Coloradans on the cliff

A cross-section from state seeks sensible solution to country’s financial ills

We cannot be more pleased to see the business sector join in the push to have Congress and the White House reach consensus on a solution to the fiscal issues that are gnawing away at the country’s core. A return to higher personal income tax rates, a trillion dollars in defense and nondefense spending cuts, and the elimination of a reduction in the Medicare payroll tax will bring a halt to the country’s agonizingly slow climb out of the 2008-09 recession brought on by the mortgage bubble.

Add to that a fight in a couple of months about raising the debt limit and significant widespread economic damage could occur. It could send the country back into a recession.

In Colorado, an unusual coalition of business and nonprofit leaders have stepped up to signal to the state’s congressional delegation just how serious they think the situation is. The ad hoc Colorado Fiscal Leadership Council’s approximately 50 members have communicated with the delegation its concern about the size of the nation’s accumulated debt and the ongoing annual deficits, and that it is unacceptable to fail to create a fiscal plan that will reduce both.

The council praises the Simpson-Bowles recommendations, and it urges that any “plan be conducive to long-term economic growth ... and include credible enforcement mechanisms.” It also should include all aspects of the federal budget, be bipartisan, and be implemented gradually so as not to jeopardize the fragile recover under way.

“Leadership and courage” is what the council urges the Colorado delegation to exhibit to other states’ delegations, to the American people and “to democracies around the globe.”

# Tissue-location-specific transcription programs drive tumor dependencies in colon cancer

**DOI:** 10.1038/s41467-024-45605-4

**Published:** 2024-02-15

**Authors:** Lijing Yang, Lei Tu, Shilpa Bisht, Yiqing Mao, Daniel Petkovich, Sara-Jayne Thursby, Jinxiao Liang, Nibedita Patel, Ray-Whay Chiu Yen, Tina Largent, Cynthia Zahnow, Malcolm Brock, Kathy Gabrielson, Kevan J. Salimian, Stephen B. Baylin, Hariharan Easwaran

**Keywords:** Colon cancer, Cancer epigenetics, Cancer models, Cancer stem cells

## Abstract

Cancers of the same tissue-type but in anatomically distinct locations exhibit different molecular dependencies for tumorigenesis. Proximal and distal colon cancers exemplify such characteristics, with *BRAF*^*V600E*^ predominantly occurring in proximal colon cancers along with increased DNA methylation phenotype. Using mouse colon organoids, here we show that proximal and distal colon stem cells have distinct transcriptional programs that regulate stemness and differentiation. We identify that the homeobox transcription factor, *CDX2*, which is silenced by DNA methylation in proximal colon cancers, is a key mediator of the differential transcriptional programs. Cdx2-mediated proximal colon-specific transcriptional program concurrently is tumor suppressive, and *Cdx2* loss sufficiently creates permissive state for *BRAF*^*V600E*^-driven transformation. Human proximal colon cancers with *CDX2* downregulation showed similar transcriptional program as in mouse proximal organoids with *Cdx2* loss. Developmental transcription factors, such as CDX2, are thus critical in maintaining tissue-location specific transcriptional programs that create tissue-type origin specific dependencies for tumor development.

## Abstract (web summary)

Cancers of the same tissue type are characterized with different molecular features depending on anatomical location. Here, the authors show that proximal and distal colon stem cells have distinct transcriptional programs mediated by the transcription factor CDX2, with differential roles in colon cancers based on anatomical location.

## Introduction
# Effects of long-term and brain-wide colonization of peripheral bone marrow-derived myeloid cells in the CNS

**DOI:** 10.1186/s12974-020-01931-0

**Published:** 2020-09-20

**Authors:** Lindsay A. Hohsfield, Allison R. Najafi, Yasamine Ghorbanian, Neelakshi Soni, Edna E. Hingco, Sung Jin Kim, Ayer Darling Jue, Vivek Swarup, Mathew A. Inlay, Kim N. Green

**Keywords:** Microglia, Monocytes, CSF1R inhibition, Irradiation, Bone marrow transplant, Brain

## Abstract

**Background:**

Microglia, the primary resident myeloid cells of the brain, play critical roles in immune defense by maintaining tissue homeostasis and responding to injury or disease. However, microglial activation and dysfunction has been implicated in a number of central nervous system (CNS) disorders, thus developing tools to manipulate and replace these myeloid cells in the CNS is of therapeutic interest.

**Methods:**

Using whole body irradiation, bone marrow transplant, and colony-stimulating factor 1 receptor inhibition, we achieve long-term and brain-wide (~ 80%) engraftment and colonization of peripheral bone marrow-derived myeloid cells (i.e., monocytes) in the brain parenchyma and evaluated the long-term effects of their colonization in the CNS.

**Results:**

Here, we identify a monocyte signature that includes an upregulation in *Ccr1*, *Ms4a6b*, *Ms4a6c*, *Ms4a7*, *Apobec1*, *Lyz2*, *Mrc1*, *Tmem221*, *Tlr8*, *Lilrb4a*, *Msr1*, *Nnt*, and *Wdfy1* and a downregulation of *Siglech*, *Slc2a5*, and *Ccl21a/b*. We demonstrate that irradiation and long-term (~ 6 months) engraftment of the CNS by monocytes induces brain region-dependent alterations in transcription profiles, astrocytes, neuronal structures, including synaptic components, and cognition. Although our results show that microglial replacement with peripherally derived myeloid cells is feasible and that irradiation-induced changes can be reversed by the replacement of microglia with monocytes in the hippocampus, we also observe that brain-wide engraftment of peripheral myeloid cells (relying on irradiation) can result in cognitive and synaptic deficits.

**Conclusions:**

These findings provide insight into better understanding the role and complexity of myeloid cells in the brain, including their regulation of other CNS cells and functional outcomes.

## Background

What makes this group so unusual is its mix of representation from large and medium-sized corporations and from the not-for-profit sector. Among the signers are the leaders of Vectra Bank, the Anschutz Corporation, Vail Resorts and Frontier Airlines, and of Colorado College, the University of Denver, Craig Hospital, and the Denver Center for the Performing Arts. Colorado bankers, lawyers, land developers, builders, investment advisers, energy company leaders and the health and higher-education fields are represented in the signatories.

Washington is hearing from partisan members of both parties and from their constituents about to how to shape a favorable outcome for one side or the other. That is not what the Colorado Fiscal Leadership Council is all about.

The council, which cuts across both political parties and the for-profit and not-for-profit sectors, is leaving the components up to the negotiators. Its parameters are broad, wanting the fiscal solutions to reduce debt, include pro-growth tax reform and be inclusive. Medicare, Social Security and Medicaid must be put on stronger footings as well, it says.

The fiscal challenges facing the country cannot be overstated, and something must be done about them. This message from this selection of Colorado’s corporate and non-profit leaders ought to make that clear to Colorado’s delegation.

Let’s expect that in the coming days we see a resolution to the impasse that will put the country on the path to more balanced budgets with a more progressive tax code, and to stronger financial underpinnings.